Last week, a Kickstarter campaign called “9 Year Old Building an RPG to Prove Her Brothers Wrong!” launched, and so far has raised over $20,000 using the marketing strategy that a child’s brothers mocked her plans to go to an RPG-building camp. Therefore, she needs Kickstarter to give her $800 to attend the camp. Rewards for donating $10,000 were added soon after, in which the brothers would apologize for being mean to their sister. No details have been given as to their mean behavior, and it may have been even used as a joke–a joke that was marketed as a serious issue to donors.
The project also liberally throws around STEM as a buzzword and links itself to several legitimate issues: harassment against women, and a drastic imbalance between men and women in technology fields.
Many parts of this Kickstarter were handled badly, but the part that stood out to me the most was the child exploitation angle. While not a violation of the Kickstarter ToS, interpreting the situation any way is problematic.
Before Susan Wilson clarified the intent behind the bullying and gender angles recently, I interpreted the situation in two ways:
- If the brothers were bullying their younger sister, the result is that the mother chose to commercialize and encourage the strife instead of putting an end to the bullying. Their bullying was left unchecked to fit into a tidy fundraising narrative, with an apology from the brothers only coming as a $10,000 stretch goal reward. An apology isn’t something you deserve if you only raise money. The whole message of this is that the child needs to rely on the goodwill and credit cards of outsiders, hoping she needs to sell her story well enough, to put an end to bullying.
- If they were having run-of-the-mill sibling rivalry, then the author exaggerated and fabricated events for publicity. This option of faking a situation to pander to a tired tried-and-true narrative is scummy in an equally bad way, that will damage the children when they grow up and realize they were publicly villanized for money. Or, it will encourage lying in the future as a way to make situations more marketable to get ahead in life.
In the first two posts in the sequence, we started building a foundation of how to think about the task of healing, and conducted a basic survey of how all the various stats might impact your performance. As promised in the last post, this is going to be a whole piece focusing on how to make decisions concerning mana (and secondary resources if your class has them). It will also finally bring us back around to the issue that started me down this whole train of thought in Mists.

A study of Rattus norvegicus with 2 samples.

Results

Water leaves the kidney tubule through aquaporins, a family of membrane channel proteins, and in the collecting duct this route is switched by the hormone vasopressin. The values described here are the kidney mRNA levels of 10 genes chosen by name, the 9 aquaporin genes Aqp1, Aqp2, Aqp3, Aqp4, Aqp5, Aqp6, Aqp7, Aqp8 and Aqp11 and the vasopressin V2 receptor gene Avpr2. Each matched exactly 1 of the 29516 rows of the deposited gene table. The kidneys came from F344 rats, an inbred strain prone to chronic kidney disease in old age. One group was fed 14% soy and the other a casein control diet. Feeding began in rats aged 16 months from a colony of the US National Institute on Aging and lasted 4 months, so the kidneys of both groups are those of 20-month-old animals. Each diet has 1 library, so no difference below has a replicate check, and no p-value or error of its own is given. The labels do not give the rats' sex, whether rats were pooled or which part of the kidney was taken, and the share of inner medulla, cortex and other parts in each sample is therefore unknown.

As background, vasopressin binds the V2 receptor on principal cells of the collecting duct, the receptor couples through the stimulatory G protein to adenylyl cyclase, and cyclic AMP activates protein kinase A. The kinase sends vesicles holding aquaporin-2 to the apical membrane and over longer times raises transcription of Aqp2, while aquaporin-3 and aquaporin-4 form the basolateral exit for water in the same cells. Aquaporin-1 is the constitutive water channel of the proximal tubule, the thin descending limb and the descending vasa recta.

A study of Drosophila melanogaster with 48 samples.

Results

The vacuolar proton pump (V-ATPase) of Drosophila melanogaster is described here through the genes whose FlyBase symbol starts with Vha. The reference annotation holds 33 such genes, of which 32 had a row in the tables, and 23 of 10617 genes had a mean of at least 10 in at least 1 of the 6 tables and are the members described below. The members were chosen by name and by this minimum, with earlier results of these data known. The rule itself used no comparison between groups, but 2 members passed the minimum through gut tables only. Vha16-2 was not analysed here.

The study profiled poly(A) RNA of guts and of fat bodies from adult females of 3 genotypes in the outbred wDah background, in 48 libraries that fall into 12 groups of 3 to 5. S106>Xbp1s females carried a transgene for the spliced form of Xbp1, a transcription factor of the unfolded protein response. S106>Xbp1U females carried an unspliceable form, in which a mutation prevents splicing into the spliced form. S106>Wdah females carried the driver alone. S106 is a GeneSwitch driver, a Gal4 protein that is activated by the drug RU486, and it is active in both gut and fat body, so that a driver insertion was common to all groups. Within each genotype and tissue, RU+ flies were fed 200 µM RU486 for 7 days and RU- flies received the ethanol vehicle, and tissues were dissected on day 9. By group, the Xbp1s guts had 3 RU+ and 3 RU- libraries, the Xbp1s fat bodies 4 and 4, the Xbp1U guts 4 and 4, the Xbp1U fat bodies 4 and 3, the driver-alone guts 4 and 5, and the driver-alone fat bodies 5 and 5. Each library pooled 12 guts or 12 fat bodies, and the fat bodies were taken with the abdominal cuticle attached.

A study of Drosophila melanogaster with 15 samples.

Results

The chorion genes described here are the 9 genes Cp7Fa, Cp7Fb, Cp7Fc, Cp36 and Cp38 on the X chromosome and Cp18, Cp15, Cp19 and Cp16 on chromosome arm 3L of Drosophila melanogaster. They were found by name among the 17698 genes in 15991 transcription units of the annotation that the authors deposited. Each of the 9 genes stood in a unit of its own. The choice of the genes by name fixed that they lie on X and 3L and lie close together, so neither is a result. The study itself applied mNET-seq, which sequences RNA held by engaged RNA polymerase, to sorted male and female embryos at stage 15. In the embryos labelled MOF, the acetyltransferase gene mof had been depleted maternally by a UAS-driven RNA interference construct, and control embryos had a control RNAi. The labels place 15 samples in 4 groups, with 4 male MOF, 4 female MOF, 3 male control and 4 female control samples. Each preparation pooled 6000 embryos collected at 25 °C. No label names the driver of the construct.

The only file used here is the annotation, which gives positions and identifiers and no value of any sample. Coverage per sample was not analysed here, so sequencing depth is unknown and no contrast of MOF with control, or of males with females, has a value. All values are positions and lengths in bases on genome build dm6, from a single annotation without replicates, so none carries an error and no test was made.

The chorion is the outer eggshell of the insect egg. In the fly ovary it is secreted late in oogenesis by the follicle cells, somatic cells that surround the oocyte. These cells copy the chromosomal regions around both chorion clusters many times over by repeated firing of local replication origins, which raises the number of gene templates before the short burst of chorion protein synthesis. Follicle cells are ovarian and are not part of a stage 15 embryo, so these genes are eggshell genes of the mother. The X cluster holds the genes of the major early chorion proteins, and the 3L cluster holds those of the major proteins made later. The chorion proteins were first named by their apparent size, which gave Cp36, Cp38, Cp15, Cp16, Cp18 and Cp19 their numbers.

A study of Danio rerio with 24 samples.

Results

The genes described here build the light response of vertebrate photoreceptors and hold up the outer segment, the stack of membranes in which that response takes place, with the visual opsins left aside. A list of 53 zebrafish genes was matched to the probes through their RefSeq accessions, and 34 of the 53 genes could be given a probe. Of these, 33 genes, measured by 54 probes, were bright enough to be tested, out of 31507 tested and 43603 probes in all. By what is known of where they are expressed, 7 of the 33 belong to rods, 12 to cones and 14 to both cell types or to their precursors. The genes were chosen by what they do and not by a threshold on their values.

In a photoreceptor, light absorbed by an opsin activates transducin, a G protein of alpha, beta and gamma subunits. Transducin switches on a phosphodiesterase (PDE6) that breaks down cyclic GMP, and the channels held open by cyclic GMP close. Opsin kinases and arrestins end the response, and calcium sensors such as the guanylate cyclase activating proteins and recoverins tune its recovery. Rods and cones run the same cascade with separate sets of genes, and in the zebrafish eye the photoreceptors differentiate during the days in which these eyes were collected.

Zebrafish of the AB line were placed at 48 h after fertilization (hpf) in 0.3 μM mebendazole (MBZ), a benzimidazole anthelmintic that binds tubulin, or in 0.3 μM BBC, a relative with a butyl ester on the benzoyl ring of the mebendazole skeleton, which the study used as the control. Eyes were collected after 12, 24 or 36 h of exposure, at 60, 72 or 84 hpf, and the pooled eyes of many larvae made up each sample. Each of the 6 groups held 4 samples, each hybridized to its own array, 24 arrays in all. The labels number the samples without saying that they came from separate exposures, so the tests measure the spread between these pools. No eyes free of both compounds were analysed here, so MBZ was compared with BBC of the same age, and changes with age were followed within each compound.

Everyone accepts what the purposes of Int, mastery, crit, and haste are: to do more healing. You can do more healing in a given amount of time, you can do more healing with a given amount of mana (haste doesn’t actually do this, but that’s not for this post), and ultimately you can keep more people alive over the course of an entire encounter. The first premise of this article is that Spirit is no different. If you’re using a stat, it must be for the purpose of doing more healing, and its value is determined by how much more you can do (usual disclaimer applies throughout–“more healing” doesn’t necessarily mean more meter healing, it means fulfulling your healing tasks more consistently). In order to be worth using, Spirit has to pull its weight by allowing you do more than you could do with an equal amount of crit or mastery. I want to stress how different this is from viewing it as an independent requirement of some kind, a sort of “you must be this tall to ride” minimum to survive any encounter, before you can worry about other stats. It’s a stat like any other, and if it doesn’t pay its dues in terms of added performance, you’re free to replace it with a stat that does.
So what does Spirit do for you? It lets you use your non-cooldown heals more frequently. I’ll only briefly recapitulate the basic dichotomy between cooldown and non-cooldown heals here; it’s appeared in every one of my MoP healing posts thus far. Remember from the previous post that well over half, possibly as much as 3/4 depending on class, of your total available mana is from sources other than Spirit. Even if you had 0 Spirit, you’d be just fine casting your core short-cooldown heals as much as you wanted (Wild Growth, Penance, Holy Shock, Renewing Mist, Riptide, etc.). These heals are cheap and powerful, and form a sort of healing “baseline” that’s mostly unchanged by added mana reserves beyond what you start with. The most important point is that if you find you’re coming up short to cast these at the end of a fight, it is not because of insufficient Spirit. You budgeted your mana poorly and spent too much on less-efficient no-cooldown heals earlier in the fight.